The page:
Dissecting the Vatican's Ramadan Diplomacy

The Pope remains concerned about soothing hurt feelings among Muslims, but some advisors are urging him to pursue the blunt dialogue he initiated in Germany

That singular Roman dialect known as Vaticanese can sometimes turn so vague as to be incomprehensible. But on Friday, when French Cardinal Paul Poupard presented the Vatican's annual message for the end of Ramadan, there was no doubt about what was meant by the "particular circumstances" that had heightened interest in what is usually a boilerplate goodwill missive. Five weeks since Pope Benedict XVI's speech in Germany about faith, reason and violence provoked a backlash among some Muslims, the wheels of Vatican diplomacy are still working overtime to "placate the souls," as Benedict himself had put it in mid-September, in his first discourse following his return from Germany.

The words of Friday's message — and Poupard's decision to hold a press conference for the first time to present it — were quintessential old-style Holy See diplomacy. "I wish you peace, tranquility and joy in your hearts, your homes and your countries," the Cardinal said in the message. "It is good to be able to share this significant moment with you in the context of our ongoing dialogue." Still the message, which is similar to other such annual missives to Buddhists and Hindus, doesn't answer the question that is on many minds in Rome, and beyond: When is Benedict going to pick up where he left off in Regensburg?

That's because in his speech at in Germany, the Pope had effectively challenged Muslims to an inter-faith dialogue less preoccupied with diplomacy. Of course, that speech turned into a worldwide diplomatic incident, largely because Benedict had cited a 14th century Byzantine emperor's statement branding the contribution to religion of Islam's Prophet Muhammad as "things only evil and inhuman, such as his command to spread by the sword the faith he preached." The Pope has since clarified that he does not agree with those words, and has repeatedly expressed his esteem for Muslims. Says a senior Vatican official: "We always say that when the house is on fire, the first thing to do is put out the fire." Still, there is a sense that something is changing in Rome, which for decades has focused all dialogue with other faiths on "finding common ground." Asked at Friday's press conference if the conversation between the Catholic Church and Muslims is bound to get more frank, Monsignor Pier Luigi Celata, secretary of the Vatican's pontifical council for inter-religious dialogue, said: "We have to go forward, with more courage than before. This was necessary."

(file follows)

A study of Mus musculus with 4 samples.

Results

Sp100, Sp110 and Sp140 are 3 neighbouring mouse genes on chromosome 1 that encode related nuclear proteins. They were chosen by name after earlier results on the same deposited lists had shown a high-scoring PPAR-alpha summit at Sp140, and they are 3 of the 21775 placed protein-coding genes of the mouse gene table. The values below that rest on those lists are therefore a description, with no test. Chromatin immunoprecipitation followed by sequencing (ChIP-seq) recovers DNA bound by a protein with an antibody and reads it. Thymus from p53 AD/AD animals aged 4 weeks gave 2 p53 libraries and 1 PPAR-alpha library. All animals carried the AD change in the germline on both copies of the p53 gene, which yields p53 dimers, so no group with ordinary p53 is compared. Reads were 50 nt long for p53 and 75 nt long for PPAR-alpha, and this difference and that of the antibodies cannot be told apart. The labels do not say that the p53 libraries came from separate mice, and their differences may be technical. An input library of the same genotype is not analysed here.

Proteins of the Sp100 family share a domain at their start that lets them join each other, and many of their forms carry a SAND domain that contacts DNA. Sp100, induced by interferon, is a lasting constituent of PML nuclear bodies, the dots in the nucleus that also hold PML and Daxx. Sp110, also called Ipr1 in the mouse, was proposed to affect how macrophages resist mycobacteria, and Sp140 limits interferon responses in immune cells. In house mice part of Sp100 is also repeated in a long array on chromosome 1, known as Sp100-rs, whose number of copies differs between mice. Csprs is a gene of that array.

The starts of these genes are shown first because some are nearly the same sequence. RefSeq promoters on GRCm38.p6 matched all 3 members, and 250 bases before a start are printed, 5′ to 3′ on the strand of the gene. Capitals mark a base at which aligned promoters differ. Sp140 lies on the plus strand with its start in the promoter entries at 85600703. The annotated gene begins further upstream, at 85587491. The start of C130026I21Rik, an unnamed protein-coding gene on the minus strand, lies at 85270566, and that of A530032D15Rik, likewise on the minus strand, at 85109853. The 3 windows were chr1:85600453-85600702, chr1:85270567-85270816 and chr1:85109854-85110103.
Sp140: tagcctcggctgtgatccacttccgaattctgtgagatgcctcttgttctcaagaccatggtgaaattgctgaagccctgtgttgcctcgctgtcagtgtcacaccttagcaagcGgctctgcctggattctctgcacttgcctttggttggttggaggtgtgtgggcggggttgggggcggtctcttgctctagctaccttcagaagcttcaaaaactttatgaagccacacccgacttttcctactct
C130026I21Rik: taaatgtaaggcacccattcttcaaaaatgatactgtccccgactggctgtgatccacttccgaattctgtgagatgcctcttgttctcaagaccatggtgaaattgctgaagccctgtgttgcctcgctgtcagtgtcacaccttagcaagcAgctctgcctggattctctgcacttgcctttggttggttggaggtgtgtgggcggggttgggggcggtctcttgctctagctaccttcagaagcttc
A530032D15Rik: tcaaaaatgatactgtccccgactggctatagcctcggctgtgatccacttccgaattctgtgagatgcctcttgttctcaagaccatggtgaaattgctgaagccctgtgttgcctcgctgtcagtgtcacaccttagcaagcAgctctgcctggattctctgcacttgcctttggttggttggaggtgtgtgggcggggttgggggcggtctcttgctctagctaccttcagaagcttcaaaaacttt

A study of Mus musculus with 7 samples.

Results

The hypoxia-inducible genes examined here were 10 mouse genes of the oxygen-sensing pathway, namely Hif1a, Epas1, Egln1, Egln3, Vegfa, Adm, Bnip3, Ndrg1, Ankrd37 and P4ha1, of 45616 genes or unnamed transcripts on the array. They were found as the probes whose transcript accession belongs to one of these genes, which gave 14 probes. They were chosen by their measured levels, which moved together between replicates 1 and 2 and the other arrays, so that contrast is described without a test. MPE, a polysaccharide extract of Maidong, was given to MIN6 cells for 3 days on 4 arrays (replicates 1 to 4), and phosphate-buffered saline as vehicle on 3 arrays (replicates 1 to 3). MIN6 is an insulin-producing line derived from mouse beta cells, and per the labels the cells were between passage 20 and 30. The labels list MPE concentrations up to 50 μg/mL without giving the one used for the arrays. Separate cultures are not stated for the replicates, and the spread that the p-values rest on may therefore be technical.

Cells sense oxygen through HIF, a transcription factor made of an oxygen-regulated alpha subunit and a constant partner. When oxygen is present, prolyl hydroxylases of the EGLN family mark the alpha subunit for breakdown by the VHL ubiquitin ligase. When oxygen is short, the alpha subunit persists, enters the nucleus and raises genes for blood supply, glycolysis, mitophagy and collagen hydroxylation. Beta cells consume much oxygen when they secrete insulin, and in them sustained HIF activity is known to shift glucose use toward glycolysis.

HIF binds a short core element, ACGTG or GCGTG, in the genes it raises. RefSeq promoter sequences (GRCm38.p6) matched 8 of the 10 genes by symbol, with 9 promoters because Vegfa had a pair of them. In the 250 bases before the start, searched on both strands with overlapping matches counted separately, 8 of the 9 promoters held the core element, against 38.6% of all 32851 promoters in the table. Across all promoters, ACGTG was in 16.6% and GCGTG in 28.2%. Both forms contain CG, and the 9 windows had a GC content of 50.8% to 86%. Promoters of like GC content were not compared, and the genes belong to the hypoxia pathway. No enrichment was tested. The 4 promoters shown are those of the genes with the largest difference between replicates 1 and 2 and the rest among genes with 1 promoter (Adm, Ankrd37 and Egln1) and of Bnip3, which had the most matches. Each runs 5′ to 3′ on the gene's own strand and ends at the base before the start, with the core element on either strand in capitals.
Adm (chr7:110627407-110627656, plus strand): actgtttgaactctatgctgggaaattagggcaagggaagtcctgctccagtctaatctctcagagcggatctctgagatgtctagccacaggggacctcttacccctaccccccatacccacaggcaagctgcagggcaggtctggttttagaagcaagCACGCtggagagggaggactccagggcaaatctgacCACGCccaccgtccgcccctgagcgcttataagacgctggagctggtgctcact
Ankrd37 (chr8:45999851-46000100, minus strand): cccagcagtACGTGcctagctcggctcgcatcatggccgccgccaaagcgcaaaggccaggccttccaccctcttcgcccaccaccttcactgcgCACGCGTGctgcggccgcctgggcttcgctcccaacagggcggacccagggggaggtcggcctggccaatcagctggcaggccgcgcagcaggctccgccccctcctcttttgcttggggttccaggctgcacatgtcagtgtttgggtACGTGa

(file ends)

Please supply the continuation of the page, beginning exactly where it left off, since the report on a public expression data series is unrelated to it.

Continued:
Vatican officials cite a recent letter the Pope received from 38 Muslim intellectuals, which responds to his September speech with detailed arguments. "An exchange on the theme of reason and religion has been launched," Poupard said. Benedict's decision of how and when to return to his talking frankly on the subject is a delicate balancing act. Some in the Vatican hope he continues his post-Regensburg conciliatory tone during his trip in late November to Turkey, noting that any misstep could be explosive in a country that is 98% Muslim. Others say it is a unique opportunity to speak clearly to what will surely be a worldwide audience. In the meantime, two things are certain: An entire diplomatic corps will be busy offering its advice and technical services; and just one man will ultimately decide.